Gardener to an empty castle (in the sky)

Having read my share of robot-in-a-dying-out-world fiction, I immediately felt sympathy for this gardener robot in Laputa: Castle in the Sky. But while Alpha is a living triumph of humanity’s technological achievement, the gardener robot is but a shade of its masters’ former glory.

Without an artificial intelligence to guide it, the gardener robot is limited to carrying out its programmed tasks, until it joins its brethren slumbering by the roots of the Laputan giant tree. Pazu offered some form of consolation, but even he knows the inevitable fate of the automaton. At least YKK was kind to leave such a deserted world to our imagination.

Perhaps the greatest tragedy here is that the gardener robot is unable to comprehend its existence. And just as well, it’s the smallest relief.


  1. In the Nausicaa manga at least it gets to KILL LOTS AND LOTS and rampage like an angel or something. Yeah I like that one much better LOL.

  2. Kurotsuki says:

    This is depressing. Robots are depressing. At least the Gardener robot won’t even try to comprehend it’s existence.

  3. bonehimer says:

    Yeah, I felt pretty bad when I found an unused toaster under the kitchen cabinet.

  4. draggle says:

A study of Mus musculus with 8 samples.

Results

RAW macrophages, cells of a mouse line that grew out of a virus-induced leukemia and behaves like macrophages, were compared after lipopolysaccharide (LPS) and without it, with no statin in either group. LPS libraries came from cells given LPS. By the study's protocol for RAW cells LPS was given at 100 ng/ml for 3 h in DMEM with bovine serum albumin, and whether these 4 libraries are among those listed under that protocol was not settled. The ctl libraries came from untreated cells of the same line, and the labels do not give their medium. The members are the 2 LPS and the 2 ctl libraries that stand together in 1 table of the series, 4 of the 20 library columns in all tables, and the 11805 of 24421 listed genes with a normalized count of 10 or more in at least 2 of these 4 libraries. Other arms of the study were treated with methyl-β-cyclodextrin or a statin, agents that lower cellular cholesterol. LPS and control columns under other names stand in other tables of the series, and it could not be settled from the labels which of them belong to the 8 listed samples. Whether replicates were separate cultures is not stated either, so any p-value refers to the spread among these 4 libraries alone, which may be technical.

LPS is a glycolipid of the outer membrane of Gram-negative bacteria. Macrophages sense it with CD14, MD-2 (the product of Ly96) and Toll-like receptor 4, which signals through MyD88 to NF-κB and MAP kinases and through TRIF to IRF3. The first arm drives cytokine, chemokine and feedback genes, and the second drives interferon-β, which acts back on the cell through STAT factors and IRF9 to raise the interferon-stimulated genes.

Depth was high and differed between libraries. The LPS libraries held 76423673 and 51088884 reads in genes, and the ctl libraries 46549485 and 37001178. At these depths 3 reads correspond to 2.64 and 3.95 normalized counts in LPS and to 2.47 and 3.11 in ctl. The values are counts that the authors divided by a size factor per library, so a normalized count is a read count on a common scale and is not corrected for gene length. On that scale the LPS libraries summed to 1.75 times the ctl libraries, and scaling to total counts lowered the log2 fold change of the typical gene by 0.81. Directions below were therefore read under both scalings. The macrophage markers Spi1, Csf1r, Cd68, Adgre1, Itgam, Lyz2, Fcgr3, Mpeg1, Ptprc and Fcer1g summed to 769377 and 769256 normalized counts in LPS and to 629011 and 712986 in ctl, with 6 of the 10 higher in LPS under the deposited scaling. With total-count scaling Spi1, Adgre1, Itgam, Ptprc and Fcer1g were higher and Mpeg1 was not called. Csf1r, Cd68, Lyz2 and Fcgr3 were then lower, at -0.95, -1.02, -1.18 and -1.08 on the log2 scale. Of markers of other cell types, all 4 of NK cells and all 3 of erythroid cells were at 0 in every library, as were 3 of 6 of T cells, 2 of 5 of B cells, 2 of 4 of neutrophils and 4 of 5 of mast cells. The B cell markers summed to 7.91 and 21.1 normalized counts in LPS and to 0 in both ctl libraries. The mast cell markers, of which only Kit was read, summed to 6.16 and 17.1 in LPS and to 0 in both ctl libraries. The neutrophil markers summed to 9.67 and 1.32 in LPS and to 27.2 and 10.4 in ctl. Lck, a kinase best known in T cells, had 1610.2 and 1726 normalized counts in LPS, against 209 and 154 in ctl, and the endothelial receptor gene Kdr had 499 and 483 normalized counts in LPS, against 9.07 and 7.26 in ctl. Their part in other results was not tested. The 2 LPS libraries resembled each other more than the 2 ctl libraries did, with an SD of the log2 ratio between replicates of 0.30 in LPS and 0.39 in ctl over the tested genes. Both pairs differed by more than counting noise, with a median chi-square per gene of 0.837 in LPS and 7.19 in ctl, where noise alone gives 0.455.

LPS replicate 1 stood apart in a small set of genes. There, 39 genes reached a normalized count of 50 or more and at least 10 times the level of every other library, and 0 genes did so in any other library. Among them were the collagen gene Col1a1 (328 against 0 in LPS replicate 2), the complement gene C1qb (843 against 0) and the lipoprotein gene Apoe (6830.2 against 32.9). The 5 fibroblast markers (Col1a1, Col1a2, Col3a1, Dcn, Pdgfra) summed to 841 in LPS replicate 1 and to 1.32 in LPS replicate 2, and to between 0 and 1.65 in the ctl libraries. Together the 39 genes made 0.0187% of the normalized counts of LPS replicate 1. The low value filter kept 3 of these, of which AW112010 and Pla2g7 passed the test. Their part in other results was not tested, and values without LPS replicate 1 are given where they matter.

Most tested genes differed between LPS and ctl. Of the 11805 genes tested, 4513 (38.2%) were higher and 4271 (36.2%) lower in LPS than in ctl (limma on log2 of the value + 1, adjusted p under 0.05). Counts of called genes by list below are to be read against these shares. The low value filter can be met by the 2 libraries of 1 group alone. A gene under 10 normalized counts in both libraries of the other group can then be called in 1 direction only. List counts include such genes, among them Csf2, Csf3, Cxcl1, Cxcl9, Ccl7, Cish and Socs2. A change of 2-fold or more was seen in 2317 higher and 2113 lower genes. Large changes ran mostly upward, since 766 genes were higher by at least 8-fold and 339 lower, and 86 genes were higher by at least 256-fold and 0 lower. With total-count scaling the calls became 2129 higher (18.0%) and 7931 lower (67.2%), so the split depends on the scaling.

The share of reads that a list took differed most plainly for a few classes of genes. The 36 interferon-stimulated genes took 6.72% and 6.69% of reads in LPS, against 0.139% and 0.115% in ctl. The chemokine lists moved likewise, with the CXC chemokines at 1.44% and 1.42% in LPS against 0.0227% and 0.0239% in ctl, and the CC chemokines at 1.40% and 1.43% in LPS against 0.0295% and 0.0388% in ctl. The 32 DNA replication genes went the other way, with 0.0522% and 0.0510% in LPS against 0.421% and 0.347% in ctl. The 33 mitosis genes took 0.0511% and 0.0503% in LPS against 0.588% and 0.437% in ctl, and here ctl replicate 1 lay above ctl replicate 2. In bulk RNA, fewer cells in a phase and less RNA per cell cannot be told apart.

To be quite the downer, are human lives any less pointless? We do the same thing day after day, and we’ll soon die and our work will go unremembered. Yet I would imagine that, were the robot to be self-aware, he would find some amount of joy in what he does.

    • schneider says:

      I wouldn’t debate the meaning of human life here, but my realization of our own existence (and the robot’s lack thereof) allows me to feel pity towards the thing.

      We humans, at least, can despair at our losses. Not that I’m sadistic or whatever, but I find tragedy in the robot not being able to know the stark reality of its environment.

      Your comment made me think seriously about it. Thank you.

  5. Mitch H. says:

    You’re… not supposed to feel sorry for the gardener robot. While his brethren kill and kill and then fall like dying flies as the inauthentic Laputa rains into the sea at the climax of the story, the last detail we see of the true Laputa floating away is the gardener robot going about his appointed tasks, literally ascending into heaven. The gardener robot basically enjoys buddha nature – it’s selfless, without dukkha, and is as close to nature as is possible without growing roots.
    Now, you can object to Miyazaki’s heretical-Maoist adoration of the peasant life & conflicted, conditional luddism, but love it or hate it, this is the message being retailed by Castle in the Sky.